Harvey’s Impact on Houston’s Homeless Community

A year after the storm, we check in with recovery efforts for the homeless population in the Houston region.

FILE PHOTO// Tents set up at a homeless encampment at the intersection of Highway 59 and Caroline Street on April 21, 2017.
Alvaro 'Al' Ortiz/Houston Public Media
File Photo – Tents set up at a homeless encampment at the intersection of Highway 59 and Caroline Street on April 21, 2017.



While a new study further suggests recovery remains slow for many in hard-hit areas in the region, Houston's unsheltered homeless population also received its first uptick, since 2011. The unsheltered homeless rate was declining for years, prior to Harvey, according to the Coalition for the Homeless.

Marliyn Brown, the Coalition’s President and CEO, said the group's annual survey at the beginning of the year revealed an additional 500 unsheltered homeless people.

"When we asked people, ‘What caused your homelessness,’ 18 percent said it was a result of Hurricane Harvey," said Brown. The Coalition found 258 unsheltered homeless people in the Houston region were homeless as a direct result from Hurricane Harvey.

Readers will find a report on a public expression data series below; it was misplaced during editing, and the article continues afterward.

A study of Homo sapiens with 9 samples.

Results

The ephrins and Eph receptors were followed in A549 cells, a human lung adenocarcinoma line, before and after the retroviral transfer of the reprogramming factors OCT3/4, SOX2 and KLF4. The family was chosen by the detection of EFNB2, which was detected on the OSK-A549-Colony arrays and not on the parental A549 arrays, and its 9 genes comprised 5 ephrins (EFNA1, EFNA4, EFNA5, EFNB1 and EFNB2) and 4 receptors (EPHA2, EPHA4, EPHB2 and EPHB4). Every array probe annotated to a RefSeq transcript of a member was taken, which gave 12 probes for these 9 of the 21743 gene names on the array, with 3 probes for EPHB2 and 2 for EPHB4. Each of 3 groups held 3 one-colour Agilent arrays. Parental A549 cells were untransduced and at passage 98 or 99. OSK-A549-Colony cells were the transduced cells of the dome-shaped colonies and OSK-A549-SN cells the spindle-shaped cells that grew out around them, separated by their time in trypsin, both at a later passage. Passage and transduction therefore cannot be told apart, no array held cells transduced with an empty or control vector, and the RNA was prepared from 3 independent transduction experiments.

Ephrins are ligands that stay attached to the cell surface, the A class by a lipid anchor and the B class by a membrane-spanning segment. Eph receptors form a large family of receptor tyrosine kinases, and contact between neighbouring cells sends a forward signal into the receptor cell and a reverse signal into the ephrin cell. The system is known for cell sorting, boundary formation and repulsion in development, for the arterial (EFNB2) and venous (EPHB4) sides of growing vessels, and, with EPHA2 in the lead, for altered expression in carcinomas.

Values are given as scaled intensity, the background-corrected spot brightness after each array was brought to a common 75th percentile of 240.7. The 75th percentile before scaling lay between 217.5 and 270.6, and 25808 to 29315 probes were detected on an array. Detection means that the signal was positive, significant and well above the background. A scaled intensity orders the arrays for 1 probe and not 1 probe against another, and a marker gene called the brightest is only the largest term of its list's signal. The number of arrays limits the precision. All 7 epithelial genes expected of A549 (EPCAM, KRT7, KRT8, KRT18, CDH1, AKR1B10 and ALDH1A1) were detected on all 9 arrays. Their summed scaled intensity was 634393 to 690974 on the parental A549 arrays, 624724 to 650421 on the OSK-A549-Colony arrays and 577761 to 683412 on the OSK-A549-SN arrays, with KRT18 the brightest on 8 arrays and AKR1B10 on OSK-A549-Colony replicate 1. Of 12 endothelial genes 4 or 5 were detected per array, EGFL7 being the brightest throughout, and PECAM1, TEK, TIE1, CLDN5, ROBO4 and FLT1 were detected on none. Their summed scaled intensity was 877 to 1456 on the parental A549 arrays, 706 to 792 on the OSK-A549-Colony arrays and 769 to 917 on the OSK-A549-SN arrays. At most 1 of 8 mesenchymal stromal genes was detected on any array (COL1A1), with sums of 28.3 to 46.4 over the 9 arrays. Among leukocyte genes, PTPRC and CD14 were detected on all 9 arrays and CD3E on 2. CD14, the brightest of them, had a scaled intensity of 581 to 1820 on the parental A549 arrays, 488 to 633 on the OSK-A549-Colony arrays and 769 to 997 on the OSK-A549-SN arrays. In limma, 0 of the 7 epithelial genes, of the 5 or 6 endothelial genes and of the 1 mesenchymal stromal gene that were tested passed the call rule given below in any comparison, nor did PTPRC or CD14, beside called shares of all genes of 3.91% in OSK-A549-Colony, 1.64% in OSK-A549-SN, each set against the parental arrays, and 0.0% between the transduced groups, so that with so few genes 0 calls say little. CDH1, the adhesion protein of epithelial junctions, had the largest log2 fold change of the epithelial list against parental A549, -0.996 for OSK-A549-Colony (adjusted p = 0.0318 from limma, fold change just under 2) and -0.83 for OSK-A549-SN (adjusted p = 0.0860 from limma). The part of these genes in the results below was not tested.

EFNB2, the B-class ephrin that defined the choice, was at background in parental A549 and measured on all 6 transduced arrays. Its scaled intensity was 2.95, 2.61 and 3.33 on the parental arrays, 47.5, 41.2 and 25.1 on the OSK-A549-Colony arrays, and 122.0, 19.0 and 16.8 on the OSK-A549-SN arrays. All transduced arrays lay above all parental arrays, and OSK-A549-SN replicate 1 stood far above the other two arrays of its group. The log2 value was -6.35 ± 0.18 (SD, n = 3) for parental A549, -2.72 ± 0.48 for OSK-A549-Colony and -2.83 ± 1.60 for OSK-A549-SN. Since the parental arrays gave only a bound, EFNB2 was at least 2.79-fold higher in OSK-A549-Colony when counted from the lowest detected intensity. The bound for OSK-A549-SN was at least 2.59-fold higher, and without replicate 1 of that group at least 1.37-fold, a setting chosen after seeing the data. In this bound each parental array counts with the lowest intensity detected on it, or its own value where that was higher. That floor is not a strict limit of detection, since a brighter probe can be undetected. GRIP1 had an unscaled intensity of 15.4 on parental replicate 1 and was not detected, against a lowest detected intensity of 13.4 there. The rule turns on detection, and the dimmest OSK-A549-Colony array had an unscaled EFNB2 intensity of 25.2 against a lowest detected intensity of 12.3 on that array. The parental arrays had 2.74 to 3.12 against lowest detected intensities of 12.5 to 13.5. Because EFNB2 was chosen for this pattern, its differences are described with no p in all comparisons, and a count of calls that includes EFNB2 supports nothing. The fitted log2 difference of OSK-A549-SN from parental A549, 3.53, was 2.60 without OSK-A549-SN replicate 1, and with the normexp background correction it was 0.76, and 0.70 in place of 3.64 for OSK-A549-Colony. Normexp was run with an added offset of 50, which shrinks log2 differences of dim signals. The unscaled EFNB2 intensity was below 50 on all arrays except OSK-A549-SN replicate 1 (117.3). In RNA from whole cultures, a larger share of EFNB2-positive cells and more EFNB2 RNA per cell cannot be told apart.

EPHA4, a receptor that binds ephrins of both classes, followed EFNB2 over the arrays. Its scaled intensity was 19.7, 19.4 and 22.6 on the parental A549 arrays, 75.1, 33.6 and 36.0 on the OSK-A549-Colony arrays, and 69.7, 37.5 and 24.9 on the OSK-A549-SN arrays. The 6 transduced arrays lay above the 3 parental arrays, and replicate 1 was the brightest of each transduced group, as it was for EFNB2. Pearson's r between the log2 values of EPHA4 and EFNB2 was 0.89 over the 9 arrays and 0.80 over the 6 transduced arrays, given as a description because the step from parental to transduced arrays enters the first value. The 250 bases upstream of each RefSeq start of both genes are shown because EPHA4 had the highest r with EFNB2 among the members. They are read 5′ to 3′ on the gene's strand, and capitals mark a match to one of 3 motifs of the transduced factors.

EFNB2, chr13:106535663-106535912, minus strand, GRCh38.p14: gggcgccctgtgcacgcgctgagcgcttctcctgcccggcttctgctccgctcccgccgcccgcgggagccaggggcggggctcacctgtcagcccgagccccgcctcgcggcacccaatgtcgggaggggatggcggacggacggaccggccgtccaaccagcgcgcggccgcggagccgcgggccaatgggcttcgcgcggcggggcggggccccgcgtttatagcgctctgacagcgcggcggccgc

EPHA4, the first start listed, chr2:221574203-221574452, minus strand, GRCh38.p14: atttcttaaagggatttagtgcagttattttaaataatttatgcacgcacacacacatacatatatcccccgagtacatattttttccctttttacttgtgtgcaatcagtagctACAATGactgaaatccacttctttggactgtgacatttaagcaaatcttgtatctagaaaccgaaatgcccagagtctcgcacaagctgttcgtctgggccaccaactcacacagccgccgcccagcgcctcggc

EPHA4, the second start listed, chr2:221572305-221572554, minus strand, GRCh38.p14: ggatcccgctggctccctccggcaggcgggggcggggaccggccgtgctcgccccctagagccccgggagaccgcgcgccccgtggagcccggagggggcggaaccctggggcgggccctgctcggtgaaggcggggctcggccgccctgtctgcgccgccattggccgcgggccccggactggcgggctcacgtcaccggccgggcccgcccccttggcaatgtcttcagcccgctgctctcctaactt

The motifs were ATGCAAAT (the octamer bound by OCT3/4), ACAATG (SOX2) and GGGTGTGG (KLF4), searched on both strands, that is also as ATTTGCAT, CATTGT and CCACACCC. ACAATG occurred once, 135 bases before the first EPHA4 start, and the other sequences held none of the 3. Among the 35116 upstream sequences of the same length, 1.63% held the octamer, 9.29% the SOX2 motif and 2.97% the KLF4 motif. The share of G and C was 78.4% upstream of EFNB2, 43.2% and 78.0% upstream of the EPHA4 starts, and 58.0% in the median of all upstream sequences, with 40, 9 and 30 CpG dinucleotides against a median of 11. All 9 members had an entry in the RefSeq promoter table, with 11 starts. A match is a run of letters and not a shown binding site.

Brown believes they will be able to catch back up with the downward trend, because their housing units weren't as affected by the storm as they originally feared. She said they're now back on track, to housing about 100 people per month. But, she said, long-term ramifications of the storm remain unclear.

"I'm not really sure when we'll ever know," said Brown. "It's not just a one-time, ‘We'll get you back on your feet and you'll do well.' So, I think as far as our system, and our inventory of units, and being able to identify and help people: we're back on track. But, I think we have a new set of conditions that are affecting people in a different way that will continue to stay with us... This is a new trauma that adds to the lack of ability to stabilize."

Brown said every large city in Texas had an increase in homelessness this year.

The Texas Homeless Network estimates about 590 people in the state experienced homelessness, as a direct result from Harvey.